Grant Writing Rejection

How To Survive Grant Writing Rejection And Use It To Your Advantage

You’ve spent hours – maybe even days or weeks – collecting documentation, writing draft after draft, discussing ideas with colleagues, reviewing, revising, editing, and you finally submitted your grant proposal to the funder by the deadline with confidence. I feel really good about this one, you think to yourself.

Months go by and you finally receive their response in the mail. You sit down at your desk, carefully open the envelope, and pull out the letter.

You read the letter to yourself. Thank you for submitting an application to the Healthy Communities Grant. Unfortunately… You stop. You feel your stomach sink. You didn’t get the funding.

Download our list of “5 Questions To Ask A Funder After Having Your Application Rejected”

Dealing with rejection is always difficult. Especially after having invested so much time and effort into writing what you thought would be a successful application. The good news is it’s not all that bad. Turn rejection into success with these three steps.

1. Don’t Take It Personally

The first thing to do when you receive a rejection letter is remind yourself not to take it personally. Your proposal was not rejected because the funder didn’t like you, your organization, or your project. There are, however, a number of reasons why your proposal may have ended up in the “Denied” pile (many of which we try to help you avoid here on our blog!).

Obviously, your proposal may have been rejected because of mistakes you made in writing or packaging your proposal. Maybe there were too many spelling errors, your proposal didn’t fit the guidelines, or there were inconsistencies in your narrative. Or, maybe you forgot to attach a copy of the program’s budget, like you were asked to do. These are simple reasons why funders say “No” to proposals.

Regardless of the reason, don’t take it personally. Don’t do anything rash like removing the funder from your prospect list. Stay optimistic and keep moving forward.

2. Never A Failure, Always A Lesson

Next, remind yourself that it’s not the end of the world. Every grant writer will hear “No” at some point and that’s okay. It’s not unusual for many grant writers to be rejected a number of times. Remind yourself that all is not lost when a funder says “No.” Instead, take this as an opportunity to learn.

I know many people that say they are afraid of failure. What these people often forget is that a situation is only a failure if you don’t learn anything from it. Spending all that time writing that grant was not a waste of time if you can learn from where you went wrong. So, how do you do that?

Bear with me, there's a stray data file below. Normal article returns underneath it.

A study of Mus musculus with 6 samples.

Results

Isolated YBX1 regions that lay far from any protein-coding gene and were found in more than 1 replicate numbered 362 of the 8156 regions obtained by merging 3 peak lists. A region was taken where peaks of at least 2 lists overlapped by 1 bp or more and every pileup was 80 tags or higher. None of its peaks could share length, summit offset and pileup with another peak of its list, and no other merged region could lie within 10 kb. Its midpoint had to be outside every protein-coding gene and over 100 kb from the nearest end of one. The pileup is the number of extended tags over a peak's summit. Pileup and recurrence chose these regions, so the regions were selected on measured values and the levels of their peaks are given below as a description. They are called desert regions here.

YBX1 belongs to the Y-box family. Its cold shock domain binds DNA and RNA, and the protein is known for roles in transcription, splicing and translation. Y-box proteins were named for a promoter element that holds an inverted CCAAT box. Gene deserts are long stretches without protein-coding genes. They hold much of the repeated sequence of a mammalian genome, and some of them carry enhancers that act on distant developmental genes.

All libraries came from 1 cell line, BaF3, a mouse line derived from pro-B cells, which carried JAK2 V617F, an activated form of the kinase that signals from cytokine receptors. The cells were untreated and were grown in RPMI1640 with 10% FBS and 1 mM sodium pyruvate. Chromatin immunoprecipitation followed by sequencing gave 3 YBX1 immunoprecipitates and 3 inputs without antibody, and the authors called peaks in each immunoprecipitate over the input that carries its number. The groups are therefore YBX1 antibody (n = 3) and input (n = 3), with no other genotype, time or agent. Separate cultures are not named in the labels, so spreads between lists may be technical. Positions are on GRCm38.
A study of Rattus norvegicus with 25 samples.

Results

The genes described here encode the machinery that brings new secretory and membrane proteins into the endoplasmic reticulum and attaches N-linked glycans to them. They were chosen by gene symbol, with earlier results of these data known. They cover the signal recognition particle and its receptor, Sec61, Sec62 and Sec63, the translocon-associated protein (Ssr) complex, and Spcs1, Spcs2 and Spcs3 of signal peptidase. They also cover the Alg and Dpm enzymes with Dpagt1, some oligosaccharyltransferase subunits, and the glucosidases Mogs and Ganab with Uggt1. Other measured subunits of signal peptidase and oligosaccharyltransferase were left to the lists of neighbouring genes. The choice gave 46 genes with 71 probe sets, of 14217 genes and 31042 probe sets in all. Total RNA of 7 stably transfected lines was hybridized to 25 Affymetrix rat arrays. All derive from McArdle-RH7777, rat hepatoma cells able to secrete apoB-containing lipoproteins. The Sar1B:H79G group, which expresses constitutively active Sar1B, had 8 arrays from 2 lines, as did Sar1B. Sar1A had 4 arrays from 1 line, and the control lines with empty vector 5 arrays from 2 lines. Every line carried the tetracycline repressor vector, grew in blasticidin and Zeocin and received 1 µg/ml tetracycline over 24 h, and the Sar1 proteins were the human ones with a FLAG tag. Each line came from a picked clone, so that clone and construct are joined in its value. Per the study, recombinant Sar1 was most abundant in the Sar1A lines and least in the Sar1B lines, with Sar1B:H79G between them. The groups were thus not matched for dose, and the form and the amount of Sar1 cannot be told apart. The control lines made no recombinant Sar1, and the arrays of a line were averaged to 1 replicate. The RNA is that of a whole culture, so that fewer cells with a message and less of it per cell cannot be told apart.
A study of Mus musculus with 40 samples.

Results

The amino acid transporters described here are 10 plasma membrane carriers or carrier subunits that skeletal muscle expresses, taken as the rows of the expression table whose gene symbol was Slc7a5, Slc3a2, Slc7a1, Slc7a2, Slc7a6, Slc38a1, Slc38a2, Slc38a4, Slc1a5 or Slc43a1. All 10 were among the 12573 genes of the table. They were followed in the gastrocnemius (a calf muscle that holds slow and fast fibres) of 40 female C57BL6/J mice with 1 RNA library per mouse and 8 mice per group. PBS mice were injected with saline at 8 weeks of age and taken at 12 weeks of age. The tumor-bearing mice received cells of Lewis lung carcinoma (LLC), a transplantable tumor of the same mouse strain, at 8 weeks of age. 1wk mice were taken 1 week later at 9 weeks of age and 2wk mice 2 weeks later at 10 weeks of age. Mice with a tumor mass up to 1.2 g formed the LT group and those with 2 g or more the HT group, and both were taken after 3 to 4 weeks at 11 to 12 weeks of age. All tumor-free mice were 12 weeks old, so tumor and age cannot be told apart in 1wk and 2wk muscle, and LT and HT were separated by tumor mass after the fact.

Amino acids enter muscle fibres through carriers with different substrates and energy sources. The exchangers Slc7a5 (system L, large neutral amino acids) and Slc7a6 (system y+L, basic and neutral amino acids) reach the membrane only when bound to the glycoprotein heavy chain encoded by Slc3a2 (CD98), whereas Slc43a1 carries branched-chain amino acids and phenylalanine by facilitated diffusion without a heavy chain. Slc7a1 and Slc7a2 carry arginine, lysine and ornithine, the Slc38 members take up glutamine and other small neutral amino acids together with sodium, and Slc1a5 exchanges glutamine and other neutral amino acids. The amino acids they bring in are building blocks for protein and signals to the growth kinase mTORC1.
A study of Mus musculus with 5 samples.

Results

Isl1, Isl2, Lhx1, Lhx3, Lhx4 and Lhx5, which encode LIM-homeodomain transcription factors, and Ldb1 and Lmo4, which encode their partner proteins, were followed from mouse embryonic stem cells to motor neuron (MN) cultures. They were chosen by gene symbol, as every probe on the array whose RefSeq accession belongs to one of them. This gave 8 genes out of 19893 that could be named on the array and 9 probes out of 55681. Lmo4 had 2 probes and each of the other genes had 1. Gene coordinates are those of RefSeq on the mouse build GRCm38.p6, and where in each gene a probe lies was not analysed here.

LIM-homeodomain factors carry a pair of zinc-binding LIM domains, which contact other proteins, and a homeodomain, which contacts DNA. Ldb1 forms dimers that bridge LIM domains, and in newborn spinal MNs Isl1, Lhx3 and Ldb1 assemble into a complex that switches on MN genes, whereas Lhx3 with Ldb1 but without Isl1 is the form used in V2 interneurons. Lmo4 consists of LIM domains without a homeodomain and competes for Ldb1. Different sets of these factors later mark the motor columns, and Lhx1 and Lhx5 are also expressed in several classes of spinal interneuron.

Before you ask for help, try to figure out for yourself where you may have gone wrong. If the funder gave you feedback in their letter, read it and really think about their comments. What can you take from their comments that can help you improve for when you go to write your next grant application? If they did not provide any comments, revisit “10 Common Mistakes Grant Writers Make & How To Avoid Them” and see if any of these common mistakes resonate with you in some way (if you don’t have it yet, sign up to be a GrantsEdge Insider to receive your FREE copy!). Once you’ve spent some time reflecting on your work, go back to the funder and ask for more specific feedback from the individual who reviewed your application.

3. Ask For Feedback

Unless the funder specifically asks you not to, you should always ask for feedback on your grant application. This can be valuable for two reasons:

  1. You’ll continue to build a relationship between you and the funder. Ideally, you’ll have met with the funder before you submitted your application, so meeting with them again will only help strengthen that relationship.
  2. You’ll get ideas for how to write future grants, not only for this funder, but for other funders too.

Meeting with the funder can help you really understand why your proposal was rejected. Try to find out why your project wasn’t funded, get some specific examples of where you went wrong, and ask them for advice on how you can improve. For example, if there was a specific section of the application that you struggled with, ask them specifically about how they read that section and if they could offer any suggestions for improvement. It may feel uncomfortable at first, but remember, if you don’t ask, you’ll never know.

If you make it a habit of meeting with funders, asking for feedback, and using what they’ve told you for future applications, you’re only increasing your chances of future funding success.

What Types Of Questions Would I Ask?

Not sure what to ask the funder when you meet with them? Access our list of “5 Questions To Ask A Funder After Having Your Application Rejected” for some ideas.

Download the questions here by providing your name and email address. It’s FREE and your email address is safe with us (we won’t be giving it away to anyone).